Recycling isn't tin cans anymore!

United States
December 7, 2011 1:21pm CST
We know it is always preferred to recycle an item then let it end up in a land fill near you. Yesterday, tin cans were recycled. Today, we recycle computers, ovens, cars, and pacemakers. You read me right. They are recycling pacemakers. After the original American owner of the pacemaker is dead, they remove the gadget from his or her body for work in a new person who lives in the third world. It is said that the pacemaker is given a good and proper cleaning before insertion into the new owner. 'Implantation of donated permanent pacemakers can not only save lives, but also improve quality of life of needy poor patients,' American Journal of Cardiology's researchers wrote up in the American Journal of Cardiology. Yes, there is major squick and ick to be had here. However, the receivers of donated pacemakers would have died within weeks or months of their maladies, and at 4,000 Euros a new pacemaker is well out of reach of your average third world patient.
1 person likes this
4 responses
@GardenGerty (90290)
• Marion, Kansas
7 Dec 11
I think this is very promising and uplifting. I do not think it is any more icky than an organ transplant. We still have so many advantages here, even in hard times.
• United States
8 Dec 11
I very much agree with you. However, these used pacemakers, by not going into the bin and saving a second life is incredible.
1 person likes this
@GardenGerty (90290)
• Marion, Kansas
9 Dec 11
I so agree with you. As a society we throw way too many things away that can be used.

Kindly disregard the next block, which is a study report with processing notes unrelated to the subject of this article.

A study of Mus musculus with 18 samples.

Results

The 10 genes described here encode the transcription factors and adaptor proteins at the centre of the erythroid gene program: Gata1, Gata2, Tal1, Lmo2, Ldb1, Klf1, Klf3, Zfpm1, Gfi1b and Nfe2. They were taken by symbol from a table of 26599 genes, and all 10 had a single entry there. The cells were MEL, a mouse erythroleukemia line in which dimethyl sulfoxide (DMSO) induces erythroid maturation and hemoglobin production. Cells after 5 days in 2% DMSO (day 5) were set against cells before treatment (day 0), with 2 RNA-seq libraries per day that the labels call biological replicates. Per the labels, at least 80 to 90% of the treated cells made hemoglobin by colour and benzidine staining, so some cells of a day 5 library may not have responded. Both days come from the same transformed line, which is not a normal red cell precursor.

• United States
10 Dec 11
There is rebellion starting against that. This is a case in point
@ElicBxn (60053)
• United States
9 Dec 11
and they put new batteries in them too... hey, all is good!
1 person likes this
• United States
10 Dec 11
The Energizer Bunny says it's all good
• Denmark
7 Dec 11
How interesting and good news if you ask me! I actually didn't ick at your post, I think it's great that we find more and more ways to help people in less fortunate situations. I wonder what they'll recycle in the future?
1 person likes this
• United States
7 Dec 11
The big issue I see come the future with the weather changing will be water. I believe that toilet to tap will become ubiquitous as fresh waters have inhabitants we need to consider. Humans are nothing but little bags of water, why not make sure they stay in cycle? As for solid waste, that can be dried, disinfected, and become valuable for the growing of plants we need to eat. Before anyone squeals about viruses, most of them are just exceedingly vulnerable once outside of the host. In the future, the rest of the nasties will be filtered out.
• United States
7 Dec 11
I'm all for it if it indeed saves lives. I just hope they make sure that these pace markers are in good working order before they pass it on to these 3rd world countries. I can definitely see these people being taken advantage of by money hungry business men.
1 person likes this
• United States
7 Dec 11
The pacemakers I'm writing about are processed by a charity. I'm sure they change out the battery in the buggers before they implant.